A Hong Kong court heard testimony from an officer involved in the arrest of a former chief editor of defunt independent Hong Kong outlet Stand News, as the sedition trial against the veteran journalist and a former colleague entered its 15th day.
Giving testimony at District Court on Friday, the national security police officer recalled that Chung Pui-kuen said, “I’m Stand News’ editor-in-chief, other people have nothing to do with this,” as he was arrested at his home on December 29, 2021.
That same day, the independent outlet ceased operations and shut down its website after its newsroom was raided by hundreds of national security police. Chung, who has stepped down from the post of editor-in-chief at the time, and acting chief editor Patrick Lam were arrested. They stand accused of conspiring to publish “seditious publications.”
According to the officer’s testimony, Chung only requested to meet his lawyer after police had taken his initial testimony at Kowloon City Police Station. Chung then had a private meeting with his lawyer before recording another testimony – accompanied by his lawyer – in the Kowloon West Regional Headquarters.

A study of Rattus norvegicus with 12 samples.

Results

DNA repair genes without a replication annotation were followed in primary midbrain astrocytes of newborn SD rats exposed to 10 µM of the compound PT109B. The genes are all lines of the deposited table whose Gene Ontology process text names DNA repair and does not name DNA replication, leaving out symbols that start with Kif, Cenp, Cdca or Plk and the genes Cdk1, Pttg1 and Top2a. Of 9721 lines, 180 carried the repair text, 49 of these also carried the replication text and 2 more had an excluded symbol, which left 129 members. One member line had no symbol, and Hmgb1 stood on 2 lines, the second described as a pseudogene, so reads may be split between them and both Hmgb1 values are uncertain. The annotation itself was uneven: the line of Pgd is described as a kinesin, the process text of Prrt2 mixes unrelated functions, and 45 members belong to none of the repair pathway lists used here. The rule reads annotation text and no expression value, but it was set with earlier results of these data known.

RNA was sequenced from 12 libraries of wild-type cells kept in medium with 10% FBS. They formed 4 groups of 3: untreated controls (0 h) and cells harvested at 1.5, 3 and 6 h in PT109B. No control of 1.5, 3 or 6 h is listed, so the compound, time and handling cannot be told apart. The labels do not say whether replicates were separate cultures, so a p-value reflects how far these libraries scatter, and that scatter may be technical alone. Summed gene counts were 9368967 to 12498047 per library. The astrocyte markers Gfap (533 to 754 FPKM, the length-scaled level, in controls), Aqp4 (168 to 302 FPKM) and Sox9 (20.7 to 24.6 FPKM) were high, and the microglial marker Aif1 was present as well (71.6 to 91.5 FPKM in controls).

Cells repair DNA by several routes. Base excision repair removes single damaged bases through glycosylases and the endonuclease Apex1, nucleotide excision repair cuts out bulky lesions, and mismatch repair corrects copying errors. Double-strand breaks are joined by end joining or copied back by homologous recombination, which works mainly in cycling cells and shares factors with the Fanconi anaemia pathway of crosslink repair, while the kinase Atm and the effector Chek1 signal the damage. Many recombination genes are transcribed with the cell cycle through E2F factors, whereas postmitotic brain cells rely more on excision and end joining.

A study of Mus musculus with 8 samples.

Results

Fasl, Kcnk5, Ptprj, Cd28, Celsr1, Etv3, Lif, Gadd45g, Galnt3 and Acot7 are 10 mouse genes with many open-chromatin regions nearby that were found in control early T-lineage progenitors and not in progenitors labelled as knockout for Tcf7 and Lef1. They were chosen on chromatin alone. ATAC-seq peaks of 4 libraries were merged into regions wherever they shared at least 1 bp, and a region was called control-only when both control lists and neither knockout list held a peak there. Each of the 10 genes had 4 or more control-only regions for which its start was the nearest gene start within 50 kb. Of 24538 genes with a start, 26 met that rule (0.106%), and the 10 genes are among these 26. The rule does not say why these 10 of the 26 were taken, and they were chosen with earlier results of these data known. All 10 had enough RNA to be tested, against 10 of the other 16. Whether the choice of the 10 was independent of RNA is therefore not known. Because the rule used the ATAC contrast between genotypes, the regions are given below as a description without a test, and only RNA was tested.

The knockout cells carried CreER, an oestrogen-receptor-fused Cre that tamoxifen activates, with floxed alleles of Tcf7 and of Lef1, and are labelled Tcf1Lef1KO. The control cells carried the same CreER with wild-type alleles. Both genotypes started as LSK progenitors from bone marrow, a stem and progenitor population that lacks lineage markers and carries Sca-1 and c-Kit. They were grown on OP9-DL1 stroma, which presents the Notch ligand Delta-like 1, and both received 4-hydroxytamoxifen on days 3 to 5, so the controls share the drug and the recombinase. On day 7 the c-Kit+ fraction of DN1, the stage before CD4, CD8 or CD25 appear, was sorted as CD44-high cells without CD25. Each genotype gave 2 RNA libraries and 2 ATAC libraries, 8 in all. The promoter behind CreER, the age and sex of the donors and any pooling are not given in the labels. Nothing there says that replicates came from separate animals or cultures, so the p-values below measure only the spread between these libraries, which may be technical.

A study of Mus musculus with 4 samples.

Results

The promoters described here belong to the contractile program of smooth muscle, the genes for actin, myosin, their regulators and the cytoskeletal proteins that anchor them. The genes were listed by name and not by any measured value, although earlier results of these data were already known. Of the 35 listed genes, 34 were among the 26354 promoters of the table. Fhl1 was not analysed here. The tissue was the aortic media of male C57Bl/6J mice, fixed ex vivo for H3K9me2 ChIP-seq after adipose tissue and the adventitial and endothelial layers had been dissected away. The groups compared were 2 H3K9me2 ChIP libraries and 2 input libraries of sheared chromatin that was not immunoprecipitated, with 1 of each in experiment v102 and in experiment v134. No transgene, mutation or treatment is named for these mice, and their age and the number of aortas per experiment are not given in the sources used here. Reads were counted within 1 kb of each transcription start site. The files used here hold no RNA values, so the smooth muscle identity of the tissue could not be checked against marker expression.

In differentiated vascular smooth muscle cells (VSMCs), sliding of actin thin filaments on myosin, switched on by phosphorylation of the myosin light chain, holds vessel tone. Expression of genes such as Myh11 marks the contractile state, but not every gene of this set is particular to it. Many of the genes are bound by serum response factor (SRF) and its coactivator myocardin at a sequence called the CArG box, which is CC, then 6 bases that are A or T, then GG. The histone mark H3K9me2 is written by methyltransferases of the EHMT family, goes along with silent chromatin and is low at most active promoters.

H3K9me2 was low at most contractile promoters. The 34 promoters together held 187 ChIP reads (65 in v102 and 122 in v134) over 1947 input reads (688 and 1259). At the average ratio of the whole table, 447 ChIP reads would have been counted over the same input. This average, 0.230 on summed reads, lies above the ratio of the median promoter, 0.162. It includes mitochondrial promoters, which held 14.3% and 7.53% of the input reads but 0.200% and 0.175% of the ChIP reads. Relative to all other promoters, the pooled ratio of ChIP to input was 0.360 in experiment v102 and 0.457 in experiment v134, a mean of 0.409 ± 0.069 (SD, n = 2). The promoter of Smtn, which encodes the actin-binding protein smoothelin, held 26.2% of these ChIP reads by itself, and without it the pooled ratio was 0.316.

The prosecution said they would play the recorded testimony, which is more than an hour long, in court on Monday.
WhatsApp chat history
According to local media, a police witness told the court on Thursday that when police took Chung’s mobile phone when he was arrested, they put it into airplane mode then changed its settings to permanently unlock it.
Police took more than a hundred screenshots of Chung’s WhatsApp chat history with Lam and another senior editor, Kenny Leung, from two chat groups. The groups were set up by Chung on December 15, 2021 – nearly two months after he stepped down from the post of editor-in-chief.
Chung resigned from Stand News in October of that year after his wife, Chan Pui-man, was arrested for conspiracy to commit collusion with a foreign country and was denied bail. Chan was the associate publisher of another defunct news outlet, Apple Daily.
The screenshots of the WhatsApp chat history showed Chung asking Lam and Leung questions about various published Stand News’ articles, and proposing headlines and news angles.
In her opening statement, lead prosecutor Laura Ng told the court that Chung remained involved in Stand News’ editorial decisions even after his resignation.
The trial will continue on Monday.
The anti-sedition legislation, which was last amended in the 1970s when Hong Kong was still under British colonial rule, falls under the city’s Crimes Ordinance. It is separate from the Beijing-imposed national security law, and outlaws incitement to violence, disaffection and other offences against the authorities.